By Chris Bibey
Are you interested in joining the millions of people who own a small business in the United States? Are you ready to take the leap, but wondering how to get funding for your business?
No matter what type of business you want to start, whether it’s business coaching, dog walking or creating a line of jams, it’s important to formulate a business plan to guide you on the path to success.
Here are some essential questions to address as part of your initial planning:
- What do you need to start your business?
- How much inventory do you need?
- What type of equipment and technology do you require?
- Will you work alone during the early months, or do you plan on immediately hiring an employee (or employees)?
- Can you start at home, or will you immediately need a co-working, retail, storage or some other kind of space?
- What kind of licensing will you need? Does it require coursework or permitting fees?
Answering these questions will help clarify how much money you may need to reach your goals, and may help you determine how detailed your business plan should be.
What Is a Business Plan?
The U.S. Small Business Administration loosely defines a business plan as follows:
“Your business plan is the tool you’ll use to convince people that working with you – or investing in your company – is a smart choice.”
A well-thought plan also helps you consider your business from an objective point of view. And consulted regularly, it can be a tool to support assessment of key pieces of your business and clear-eyed decision making.
As noted by the National Federation of Independent Business, there are seven key elements of any business plan (but you don’t have to stop here):
- Executive summary
- Company description
- Products and/or services
- Market analysis
- Strategy and implementation
- Management team
- Financial plan and projections
If you can detail these components, you’ll end up with a comprehensive business plan that provides the direction you need to get started on the right foot.
While every section deserves your full attention, spend plenty of time settling on a marketing plan.
You’ll need this by your side on day one, as the way you market your company, products and services can be the difference between success and failure.
What Are Your Funding Options?
When creating a business plan, many decisions you make are based on your current financial situation, projections and short- and long-term goals.
For example, anyone can say they’re starting a business and they “only” need $1 million to get up and running. However, actually getting your hands on this money is easier said than done.
Once you have a solid business plan in place – even if it’s not 100 percent complete – you’ll have a better idea of how much money you need to fund your start-up until you begin to generate revenue.
Your options are varied, with many entrepreneurs immediately turning to a small business loan. These start-up business loans are available through a variety of lenders, most of which offer multiple products in order to attract new customers.
While a small business loan may be the most typical route, a personal loan can be a faster and simpler way to get the money you need to finance your business plan.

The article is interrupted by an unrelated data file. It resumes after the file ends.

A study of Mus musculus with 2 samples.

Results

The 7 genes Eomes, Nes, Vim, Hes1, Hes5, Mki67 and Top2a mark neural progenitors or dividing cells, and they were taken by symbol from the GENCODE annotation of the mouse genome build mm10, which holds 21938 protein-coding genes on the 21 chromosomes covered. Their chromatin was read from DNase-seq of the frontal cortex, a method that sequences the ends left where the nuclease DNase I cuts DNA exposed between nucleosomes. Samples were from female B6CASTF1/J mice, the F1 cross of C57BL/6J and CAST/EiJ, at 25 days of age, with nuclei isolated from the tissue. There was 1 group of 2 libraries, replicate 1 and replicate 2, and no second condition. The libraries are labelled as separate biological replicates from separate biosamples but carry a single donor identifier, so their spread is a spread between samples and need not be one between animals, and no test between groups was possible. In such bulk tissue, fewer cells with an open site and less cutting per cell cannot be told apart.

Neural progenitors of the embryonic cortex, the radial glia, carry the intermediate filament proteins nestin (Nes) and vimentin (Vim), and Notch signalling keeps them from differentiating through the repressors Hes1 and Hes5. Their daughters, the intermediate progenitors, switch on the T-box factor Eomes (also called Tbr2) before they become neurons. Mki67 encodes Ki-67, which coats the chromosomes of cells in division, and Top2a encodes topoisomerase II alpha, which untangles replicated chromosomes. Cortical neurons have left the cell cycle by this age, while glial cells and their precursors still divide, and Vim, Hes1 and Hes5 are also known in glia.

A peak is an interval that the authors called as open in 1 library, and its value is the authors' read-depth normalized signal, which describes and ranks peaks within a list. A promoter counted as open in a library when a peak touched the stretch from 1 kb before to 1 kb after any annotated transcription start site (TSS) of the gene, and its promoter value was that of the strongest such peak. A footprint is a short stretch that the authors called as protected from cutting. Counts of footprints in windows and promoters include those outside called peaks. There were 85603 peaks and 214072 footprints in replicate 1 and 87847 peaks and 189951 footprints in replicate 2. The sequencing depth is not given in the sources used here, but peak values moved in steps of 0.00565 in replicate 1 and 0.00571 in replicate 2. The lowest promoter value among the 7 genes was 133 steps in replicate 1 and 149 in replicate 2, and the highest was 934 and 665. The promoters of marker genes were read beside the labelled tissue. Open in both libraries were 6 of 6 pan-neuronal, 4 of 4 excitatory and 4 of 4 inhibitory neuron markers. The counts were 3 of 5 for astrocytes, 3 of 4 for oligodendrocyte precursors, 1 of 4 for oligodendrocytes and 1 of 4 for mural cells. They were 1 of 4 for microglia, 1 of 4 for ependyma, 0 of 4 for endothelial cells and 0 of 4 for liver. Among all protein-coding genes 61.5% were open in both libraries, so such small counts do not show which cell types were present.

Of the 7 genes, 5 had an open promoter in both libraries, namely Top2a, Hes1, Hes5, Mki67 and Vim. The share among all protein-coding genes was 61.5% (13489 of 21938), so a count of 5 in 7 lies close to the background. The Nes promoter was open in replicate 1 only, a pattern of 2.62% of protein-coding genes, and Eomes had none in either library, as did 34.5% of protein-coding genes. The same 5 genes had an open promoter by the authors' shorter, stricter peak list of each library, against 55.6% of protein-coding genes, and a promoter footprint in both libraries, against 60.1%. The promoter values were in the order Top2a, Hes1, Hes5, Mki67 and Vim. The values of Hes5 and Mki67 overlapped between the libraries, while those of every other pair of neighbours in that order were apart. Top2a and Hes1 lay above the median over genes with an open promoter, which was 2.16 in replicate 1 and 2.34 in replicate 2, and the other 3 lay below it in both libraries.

You can get same-day decisions in most cases, and many personal loans have other benefits such as:
- A variety of repayment terms to choose from. This can help you settle on a monthly payment that suits your budget and a payoff term that fits your projected business plan.
- Competitive interest rates, even when compared to a start-up loan, which can keep your budget lean.
- No origination fees, giving you the entire approved loan amount from the get-go, without any money shaved off the top for these types of fees.
- Flexibility. While you can use the funds from a personal loan to finance your business plan, you can also use the loan for other expenses or debts.
Note that a business plan isn’t a requirement, let alone a determining factor, in a personal loan application. Lenders usually review each applicant’s financial situation and credit health, among other factors, when making a decision to approve or decline a loan request.
Other Small Business Financing Options
If neither a small business loan or personal loan suit you, there are other options to consider:
- Credit card. From a personal credit card to a business credit card, an approval gives you immediate access to a line of credit. Reward cards allow you to earn points or cash back for every dollar you spend which you invest in your business.
- Family and friends. Depending on your relationship with family and friends, you may want to reach out to one or more individuals to raise money. When doing so, share your business plan and consider creating a legally binding agreement (this will give them peace of mind).
- Retirement account. It’s typically not suggested to dip into your retirement accounts, such as a 401k or Individual Retirement Account (IRA), to start a business, but doing so may be the fastest and most efficient way to obtain the funds you need. Before you proceed, learn more about any penalties or interest you’ll incur.
- A secured loan (versus an unsecured personal loan), such as home equity, if you need a larger sum of money than a personal loan offers and you’re willing to put your home up for collateral.
Borrow Only What You Need
When starting a business, it’s tempting to borrow as much money as you qualify for. While you’re sure to find something to do with the funds, overspending could come back to harm you in the long run.
Remember this: the more you borrow, the more you have to pay back each month, thus putting strain on your company’s finances.
Now that you know ways to finance your small business plan, it’s time to settle on a strategy, obtain the money you need and start your dream company!